Telling Stories Through Art

Static images of sea creatures with tangled fishing nets around their fins started Room 12 students thinking about how they could create multimedia artworks to tell the story of pollution in our oceans.


 Big books and school journals explained the basics of climate change and introduced the causes of pollution around the world.

We should stop polluting the world and recycle and pick up our rubbish. The seal in my reading book had a fishing net around its neck.

We need to clean up the rubbish and not throw rubbish over fences or use CFCs. They are bad for the environment.

We should have more No Litter signs, and everyone should pick up their rubbish, so it doesn't go into the oceans.

We should take away everything that causes pollution. There are more storms, big floods and fires now.

Now we had some knowledge about polluting the oceans, we could begin our multimedia artworks.

A multimedia artwork is when you use more than one thing to tell a story. We used dye, recycled rubbish and collage to tell a story.

The students Success Criteria was

  • Include a sea creature as a focal point.
  • Use collage techniques.
  • Use recycled rubbish to tell the story of pollution in the ocean.

The collage took a long time because you had to make sure you had no white bits showing. We had to stuff the creature to make it look 3D.

We used blue and green dye to create the backgrounds and seaweed.

I used the hot glue gun to put fishing wire near my creature. Sometimes they get caught in fishing nets because people throw the nets into the ocean.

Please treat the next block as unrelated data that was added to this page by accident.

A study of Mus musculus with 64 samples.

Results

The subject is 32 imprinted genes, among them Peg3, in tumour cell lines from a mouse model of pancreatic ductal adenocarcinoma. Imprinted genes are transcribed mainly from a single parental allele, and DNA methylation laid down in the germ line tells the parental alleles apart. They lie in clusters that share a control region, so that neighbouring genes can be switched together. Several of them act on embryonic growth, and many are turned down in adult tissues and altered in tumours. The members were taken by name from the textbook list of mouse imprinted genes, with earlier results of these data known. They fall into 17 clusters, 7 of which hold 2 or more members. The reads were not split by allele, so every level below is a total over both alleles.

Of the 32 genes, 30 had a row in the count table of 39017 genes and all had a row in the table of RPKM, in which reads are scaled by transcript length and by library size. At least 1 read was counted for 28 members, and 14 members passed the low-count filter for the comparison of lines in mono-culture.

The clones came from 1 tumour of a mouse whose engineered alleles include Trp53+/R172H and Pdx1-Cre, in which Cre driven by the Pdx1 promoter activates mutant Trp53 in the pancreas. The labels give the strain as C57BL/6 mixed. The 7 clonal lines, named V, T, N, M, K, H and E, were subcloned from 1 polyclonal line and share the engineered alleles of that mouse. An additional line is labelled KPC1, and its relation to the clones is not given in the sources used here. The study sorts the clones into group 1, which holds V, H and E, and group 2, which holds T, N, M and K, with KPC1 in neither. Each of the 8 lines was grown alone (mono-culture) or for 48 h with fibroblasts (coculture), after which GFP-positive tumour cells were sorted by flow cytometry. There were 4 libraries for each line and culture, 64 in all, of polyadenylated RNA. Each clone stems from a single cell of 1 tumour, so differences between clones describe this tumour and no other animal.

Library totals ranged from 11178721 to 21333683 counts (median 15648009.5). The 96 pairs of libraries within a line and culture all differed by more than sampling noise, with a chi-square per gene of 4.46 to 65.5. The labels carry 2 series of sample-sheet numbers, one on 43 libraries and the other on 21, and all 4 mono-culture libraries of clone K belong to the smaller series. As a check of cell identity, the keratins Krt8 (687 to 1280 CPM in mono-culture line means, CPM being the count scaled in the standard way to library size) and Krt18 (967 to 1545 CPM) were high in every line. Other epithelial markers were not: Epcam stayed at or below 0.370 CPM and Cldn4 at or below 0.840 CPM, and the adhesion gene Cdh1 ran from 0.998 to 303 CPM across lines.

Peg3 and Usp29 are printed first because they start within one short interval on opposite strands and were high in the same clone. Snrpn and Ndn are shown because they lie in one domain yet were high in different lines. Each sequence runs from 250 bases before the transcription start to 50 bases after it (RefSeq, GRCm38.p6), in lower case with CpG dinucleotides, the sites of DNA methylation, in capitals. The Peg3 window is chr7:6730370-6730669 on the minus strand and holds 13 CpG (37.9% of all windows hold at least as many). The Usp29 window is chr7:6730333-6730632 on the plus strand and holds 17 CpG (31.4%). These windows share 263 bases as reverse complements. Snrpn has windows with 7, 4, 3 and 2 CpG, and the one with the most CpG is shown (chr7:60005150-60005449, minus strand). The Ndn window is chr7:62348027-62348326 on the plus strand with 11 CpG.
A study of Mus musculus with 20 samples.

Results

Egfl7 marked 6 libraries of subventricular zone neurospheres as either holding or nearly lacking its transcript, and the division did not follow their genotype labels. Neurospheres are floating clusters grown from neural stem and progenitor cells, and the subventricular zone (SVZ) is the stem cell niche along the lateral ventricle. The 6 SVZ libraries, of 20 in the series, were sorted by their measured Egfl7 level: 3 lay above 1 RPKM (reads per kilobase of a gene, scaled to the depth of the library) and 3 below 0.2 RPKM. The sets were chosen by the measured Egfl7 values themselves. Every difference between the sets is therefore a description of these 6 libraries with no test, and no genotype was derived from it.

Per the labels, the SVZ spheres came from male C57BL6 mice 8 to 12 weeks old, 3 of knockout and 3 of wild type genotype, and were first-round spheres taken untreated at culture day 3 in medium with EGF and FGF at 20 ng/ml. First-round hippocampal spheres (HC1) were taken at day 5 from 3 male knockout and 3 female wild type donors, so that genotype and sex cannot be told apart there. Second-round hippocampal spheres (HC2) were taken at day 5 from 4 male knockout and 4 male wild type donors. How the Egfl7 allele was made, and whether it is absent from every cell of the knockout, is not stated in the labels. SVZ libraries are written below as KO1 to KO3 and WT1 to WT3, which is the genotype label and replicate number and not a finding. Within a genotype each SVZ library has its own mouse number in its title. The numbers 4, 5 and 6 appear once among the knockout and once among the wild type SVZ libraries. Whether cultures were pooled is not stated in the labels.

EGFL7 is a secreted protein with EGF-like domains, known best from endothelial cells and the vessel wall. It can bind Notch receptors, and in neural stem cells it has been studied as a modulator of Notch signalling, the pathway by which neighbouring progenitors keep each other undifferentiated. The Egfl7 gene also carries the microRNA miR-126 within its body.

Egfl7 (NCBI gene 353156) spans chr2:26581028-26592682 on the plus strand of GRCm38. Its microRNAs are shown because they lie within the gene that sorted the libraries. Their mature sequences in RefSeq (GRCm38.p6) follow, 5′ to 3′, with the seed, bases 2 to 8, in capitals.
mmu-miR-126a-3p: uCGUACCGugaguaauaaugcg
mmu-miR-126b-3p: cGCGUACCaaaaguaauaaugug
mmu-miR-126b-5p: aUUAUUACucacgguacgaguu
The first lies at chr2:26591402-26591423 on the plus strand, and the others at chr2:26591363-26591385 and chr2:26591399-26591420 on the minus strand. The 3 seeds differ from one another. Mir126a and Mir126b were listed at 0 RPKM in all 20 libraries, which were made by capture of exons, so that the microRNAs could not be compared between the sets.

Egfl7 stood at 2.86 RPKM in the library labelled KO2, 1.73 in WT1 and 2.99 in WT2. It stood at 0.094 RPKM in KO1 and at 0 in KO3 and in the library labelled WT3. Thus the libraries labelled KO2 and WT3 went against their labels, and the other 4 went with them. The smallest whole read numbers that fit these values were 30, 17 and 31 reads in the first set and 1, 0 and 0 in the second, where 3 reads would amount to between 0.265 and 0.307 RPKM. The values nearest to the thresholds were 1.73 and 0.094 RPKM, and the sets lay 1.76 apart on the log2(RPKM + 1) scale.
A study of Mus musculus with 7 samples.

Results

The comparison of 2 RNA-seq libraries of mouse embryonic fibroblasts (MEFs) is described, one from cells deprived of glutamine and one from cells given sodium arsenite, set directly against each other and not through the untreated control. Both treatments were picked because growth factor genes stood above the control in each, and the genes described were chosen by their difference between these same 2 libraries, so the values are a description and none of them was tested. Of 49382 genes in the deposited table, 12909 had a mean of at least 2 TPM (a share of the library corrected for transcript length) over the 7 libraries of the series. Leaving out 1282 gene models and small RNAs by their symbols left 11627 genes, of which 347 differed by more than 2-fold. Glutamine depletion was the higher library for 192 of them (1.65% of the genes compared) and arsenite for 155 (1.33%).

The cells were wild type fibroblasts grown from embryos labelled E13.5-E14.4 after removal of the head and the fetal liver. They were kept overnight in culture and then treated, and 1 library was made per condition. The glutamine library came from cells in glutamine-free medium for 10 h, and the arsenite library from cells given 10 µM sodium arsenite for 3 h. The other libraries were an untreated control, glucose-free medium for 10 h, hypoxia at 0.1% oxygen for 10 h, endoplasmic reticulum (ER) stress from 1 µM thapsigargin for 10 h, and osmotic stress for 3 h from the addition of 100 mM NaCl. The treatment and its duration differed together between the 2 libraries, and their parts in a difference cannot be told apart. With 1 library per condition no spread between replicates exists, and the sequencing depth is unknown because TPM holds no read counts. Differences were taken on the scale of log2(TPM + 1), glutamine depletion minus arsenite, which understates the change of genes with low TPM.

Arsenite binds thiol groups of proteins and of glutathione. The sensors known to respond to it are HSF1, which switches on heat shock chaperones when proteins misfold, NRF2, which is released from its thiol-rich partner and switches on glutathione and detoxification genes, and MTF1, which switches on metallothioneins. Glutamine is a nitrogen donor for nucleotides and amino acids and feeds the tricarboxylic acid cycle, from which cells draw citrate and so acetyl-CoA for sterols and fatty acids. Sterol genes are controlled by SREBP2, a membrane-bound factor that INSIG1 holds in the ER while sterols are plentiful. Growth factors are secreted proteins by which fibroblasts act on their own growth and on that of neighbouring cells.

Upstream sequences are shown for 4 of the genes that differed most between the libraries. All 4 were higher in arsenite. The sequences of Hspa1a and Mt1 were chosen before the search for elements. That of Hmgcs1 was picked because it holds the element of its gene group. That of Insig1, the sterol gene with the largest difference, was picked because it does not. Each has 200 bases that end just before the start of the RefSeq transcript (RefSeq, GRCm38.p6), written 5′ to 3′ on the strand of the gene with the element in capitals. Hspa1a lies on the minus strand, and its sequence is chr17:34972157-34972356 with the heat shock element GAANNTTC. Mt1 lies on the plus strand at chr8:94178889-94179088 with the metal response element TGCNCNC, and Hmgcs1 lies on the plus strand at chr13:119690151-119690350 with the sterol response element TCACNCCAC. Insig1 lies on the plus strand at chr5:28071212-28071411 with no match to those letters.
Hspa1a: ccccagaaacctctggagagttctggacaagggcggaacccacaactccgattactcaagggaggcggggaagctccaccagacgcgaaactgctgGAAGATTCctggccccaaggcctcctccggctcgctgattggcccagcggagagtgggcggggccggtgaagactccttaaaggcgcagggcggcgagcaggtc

My turtle got stuck in the fishing net.

Abbie - My turtle got caught in the fishing net and he couldn't swim out of it. There was rubbish all around it.
Kim - My whale is caught by a lot of rubbish, and it is sinking down. It might drown.
Seb - My turtle is hiding in a cave. It has rubbish all around it.
Riley - My turtle had fishing net on its back.

Writing about our artworks

Students could choose to write from the point of view of a scientist or as if they were the sea creatures.

“Oh no, a man threw a net onto me,” said the turtle. “Can you please get the rubbish out of the water. I will die if you keep polluting the oceans.

By Abbie

“Oh no who threw this net. I am getting tangled. I think I could die.” I looked up and saw a strange looking boat. It looked strange because more rubbish was coming down from it to the sea floor. I am getting worried. I got trapped in some plastic. How can I get out of the plastic? I wriggled and wriggled and soon I got out and swam away.

By McKenzie

Humans are polluting the earth. We need to stop polluting the water and land. All animals are getting  hurt and some will die. Sharks don't get very  tangled in rubbish but  whales and turtles and other sea creatures do.

By Oliver

My whale is trapped in a fishing net, and it can't come up to breathe. It will die if someone  doesnt rescue it.

By Mack

Next steps

Students have learned a lot about the dangers the environment faces, and what can be done to help. They now understand what it means to be a kaitiaki or guardian of the environment.

2024 Bowler

Gwen Bowler

Education has no beginning and no end. It ebbs and flows and is ever-changing. As an educator, it is my responsibility to instill a love of learning and an ability to adapt to an ever-changing world.

My teaching journey started at 40 when I retrained as a teacher after a career in journalism and many years as a stay-at-home mother. When we guide our students to be lifelong learners, we send them towards their next journey well-prepared for whatever life brings.